Given Randolph Macon College Economics Professor David Brat's stunning victory in the Republican primary in Virginia's 7th Congressional District yesterday I suppose it's time to add to my list of the academic writings of the now-famous. Dr. Brat (cv last updated in 2012 here) holds a Ph.D. in economics from American Univeristy (as well as a master's from Princeton Theological Seminary). His Ph.D. dissertation was “Essays on Human Capital, Religion, and Growth” and his master's thesis was “The Impact of the Philosophical Movement, Logical Positivism, on the Methodology of Economic Science: Karl Popper and Milton Friedman." His interests include economic history and the history of ideas.
Man, though, I'd love to see the syllabus for his course on "economic justice and social change." I think perhaps Stacey Gahagan and I could write a follow-up to our article on Professor Obama's race and law syllabus.
Update: the internets have come through for me again! Here's his 2004 syllabus on "The Ends of Economic Justice." (An economics blog puts this course into some context.) Looks like it covers pretty similar material to his Economics 370 course, "Economic Justice." The RMC website describes the course as covering:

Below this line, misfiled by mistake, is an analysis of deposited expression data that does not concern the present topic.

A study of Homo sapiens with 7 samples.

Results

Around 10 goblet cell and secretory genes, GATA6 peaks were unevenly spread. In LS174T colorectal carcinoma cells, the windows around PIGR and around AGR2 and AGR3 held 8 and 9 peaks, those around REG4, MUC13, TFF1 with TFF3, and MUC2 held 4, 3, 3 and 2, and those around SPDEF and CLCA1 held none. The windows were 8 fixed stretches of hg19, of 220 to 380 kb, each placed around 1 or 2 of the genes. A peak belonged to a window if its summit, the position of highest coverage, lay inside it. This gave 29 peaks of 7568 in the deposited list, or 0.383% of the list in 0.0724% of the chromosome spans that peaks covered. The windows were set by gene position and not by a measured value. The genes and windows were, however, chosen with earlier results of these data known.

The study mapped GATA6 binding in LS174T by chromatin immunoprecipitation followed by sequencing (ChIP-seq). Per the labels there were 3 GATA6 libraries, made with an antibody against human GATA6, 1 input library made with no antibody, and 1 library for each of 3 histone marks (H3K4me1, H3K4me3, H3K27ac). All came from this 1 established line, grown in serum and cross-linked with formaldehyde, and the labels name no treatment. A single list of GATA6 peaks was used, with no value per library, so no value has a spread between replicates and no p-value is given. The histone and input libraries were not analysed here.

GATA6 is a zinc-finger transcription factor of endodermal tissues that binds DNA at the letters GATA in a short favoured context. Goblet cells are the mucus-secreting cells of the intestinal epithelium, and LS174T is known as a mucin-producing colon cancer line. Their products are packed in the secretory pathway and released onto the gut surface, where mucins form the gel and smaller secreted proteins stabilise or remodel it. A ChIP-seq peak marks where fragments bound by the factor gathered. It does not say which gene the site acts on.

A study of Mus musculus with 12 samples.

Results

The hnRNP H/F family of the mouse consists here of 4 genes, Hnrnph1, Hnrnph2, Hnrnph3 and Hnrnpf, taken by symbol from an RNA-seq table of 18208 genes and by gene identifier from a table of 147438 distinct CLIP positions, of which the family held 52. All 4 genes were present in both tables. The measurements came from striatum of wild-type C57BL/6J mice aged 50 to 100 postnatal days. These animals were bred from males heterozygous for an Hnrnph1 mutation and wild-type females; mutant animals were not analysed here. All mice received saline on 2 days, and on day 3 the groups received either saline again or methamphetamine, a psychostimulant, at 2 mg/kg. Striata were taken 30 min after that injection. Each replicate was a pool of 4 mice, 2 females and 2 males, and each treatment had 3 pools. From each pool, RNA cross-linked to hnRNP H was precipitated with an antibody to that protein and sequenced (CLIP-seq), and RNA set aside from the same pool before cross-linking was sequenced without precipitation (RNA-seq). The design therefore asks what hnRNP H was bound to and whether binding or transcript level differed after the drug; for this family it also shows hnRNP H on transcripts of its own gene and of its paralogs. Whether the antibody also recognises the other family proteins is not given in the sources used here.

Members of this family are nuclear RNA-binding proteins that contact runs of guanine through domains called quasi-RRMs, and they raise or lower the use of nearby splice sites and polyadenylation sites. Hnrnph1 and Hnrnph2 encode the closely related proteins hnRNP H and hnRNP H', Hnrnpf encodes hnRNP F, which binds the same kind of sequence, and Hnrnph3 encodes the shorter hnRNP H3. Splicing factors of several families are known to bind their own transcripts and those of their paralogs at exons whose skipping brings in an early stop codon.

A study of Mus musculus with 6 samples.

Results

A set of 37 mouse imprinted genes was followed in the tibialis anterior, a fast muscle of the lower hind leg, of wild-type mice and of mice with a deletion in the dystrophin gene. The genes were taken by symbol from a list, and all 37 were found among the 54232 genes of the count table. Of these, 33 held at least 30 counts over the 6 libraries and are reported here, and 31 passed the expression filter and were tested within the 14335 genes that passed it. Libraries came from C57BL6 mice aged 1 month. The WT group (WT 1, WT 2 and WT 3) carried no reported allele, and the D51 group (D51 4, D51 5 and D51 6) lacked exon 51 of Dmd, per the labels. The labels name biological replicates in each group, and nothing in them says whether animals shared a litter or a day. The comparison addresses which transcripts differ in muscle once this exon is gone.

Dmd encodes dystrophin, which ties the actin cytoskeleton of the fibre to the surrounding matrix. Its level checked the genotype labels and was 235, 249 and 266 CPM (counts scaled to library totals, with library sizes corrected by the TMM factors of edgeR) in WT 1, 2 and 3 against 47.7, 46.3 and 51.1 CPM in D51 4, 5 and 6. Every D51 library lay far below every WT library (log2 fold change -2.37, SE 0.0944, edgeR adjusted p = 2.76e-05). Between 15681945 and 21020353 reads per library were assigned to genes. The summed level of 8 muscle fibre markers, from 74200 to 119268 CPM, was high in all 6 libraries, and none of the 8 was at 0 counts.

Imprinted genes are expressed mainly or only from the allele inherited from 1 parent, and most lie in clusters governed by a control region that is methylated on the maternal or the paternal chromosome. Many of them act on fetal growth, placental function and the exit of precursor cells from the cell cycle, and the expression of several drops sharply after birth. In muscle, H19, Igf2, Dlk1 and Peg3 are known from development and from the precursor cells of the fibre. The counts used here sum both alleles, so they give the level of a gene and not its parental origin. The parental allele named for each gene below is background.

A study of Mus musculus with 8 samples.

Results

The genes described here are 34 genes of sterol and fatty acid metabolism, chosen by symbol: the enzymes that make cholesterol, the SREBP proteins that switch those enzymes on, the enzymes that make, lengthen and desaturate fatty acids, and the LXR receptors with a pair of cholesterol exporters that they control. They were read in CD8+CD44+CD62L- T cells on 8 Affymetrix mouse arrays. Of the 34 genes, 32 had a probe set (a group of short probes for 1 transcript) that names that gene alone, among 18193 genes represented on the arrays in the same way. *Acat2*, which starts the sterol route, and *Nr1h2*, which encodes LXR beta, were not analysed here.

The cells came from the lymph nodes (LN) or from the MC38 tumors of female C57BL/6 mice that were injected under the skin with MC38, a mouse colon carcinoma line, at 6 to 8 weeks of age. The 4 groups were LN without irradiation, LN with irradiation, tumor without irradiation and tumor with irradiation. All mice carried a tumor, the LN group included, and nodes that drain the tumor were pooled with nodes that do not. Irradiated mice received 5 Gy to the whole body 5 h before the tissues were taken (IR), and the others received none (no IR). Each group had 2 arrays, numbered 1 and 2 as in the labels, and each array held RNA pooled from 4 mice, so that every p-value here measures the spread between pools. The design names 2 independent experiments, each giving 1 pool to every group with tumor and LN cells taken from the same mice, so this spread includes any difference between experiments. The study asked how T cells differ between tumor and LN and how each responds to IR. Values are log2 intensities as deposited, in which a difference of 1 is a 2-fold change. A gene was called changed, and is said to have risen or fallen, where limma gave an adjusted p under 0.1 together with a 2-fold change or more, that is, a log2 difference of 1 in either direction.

An historical examination of the major conceptions of economic justice primarily in the western world. Major ethical schools of thought include the Socratic/Platonic/Aristotelian, the Judeo-Christian, and the Enlightenment school of Locke, Rousseau, Kant, Mill and Marx. Finally, contemporary moral theorists such as John Rawls and Eobert Nozick will be used to compare/contrast this legacy of ethical thought with the orthodox models of economic thought, as represented in the writings of economists such as Adam Smith, John Maynard Keynes and Milton Friedman.
Journalists are already deep into Brat's writings -- including the Wall Street Journal's "Who Is David Brat? Meet the Economics Professor Who Defeated Eric Cantor" and Vox' "The guy who beat Eric Cantor penned a scathing, seemingly unpublished book about the economics profession." By the way if you're looking for his book, "The Philosophy of Economics: A History of Science, Method and Ethics," the wayback machine has it. It also has his paper on "Economc Growth and Institutions: The Rise and Fall of the Protestant Ethic?"
After spending more time than I should have this morning reading Brat's work I think I need to conclude that he's very focused on the relationship between religious thought (particularly Christianity) and economic thought (particularly classical liberalism). One sign of just how little we actually know about this guy is Time Magazine's story this morning that is written -- not kidding here -- out of comments from Brat's ratemyprofessor site. I guess I find that pretty much astonishing.
Actually, I should probably be writing about Jack Trammell, too, who will be Brat's opponent in November. His most recent book is on the Richmond's lave market. When I'm back in the office I'll pull it from Davis Library.
The image is of Randolph Macon's Washington and Franklin Hall on their Ashland campus. (You may recall that RMC was in Boydton, Virginia, before The War.)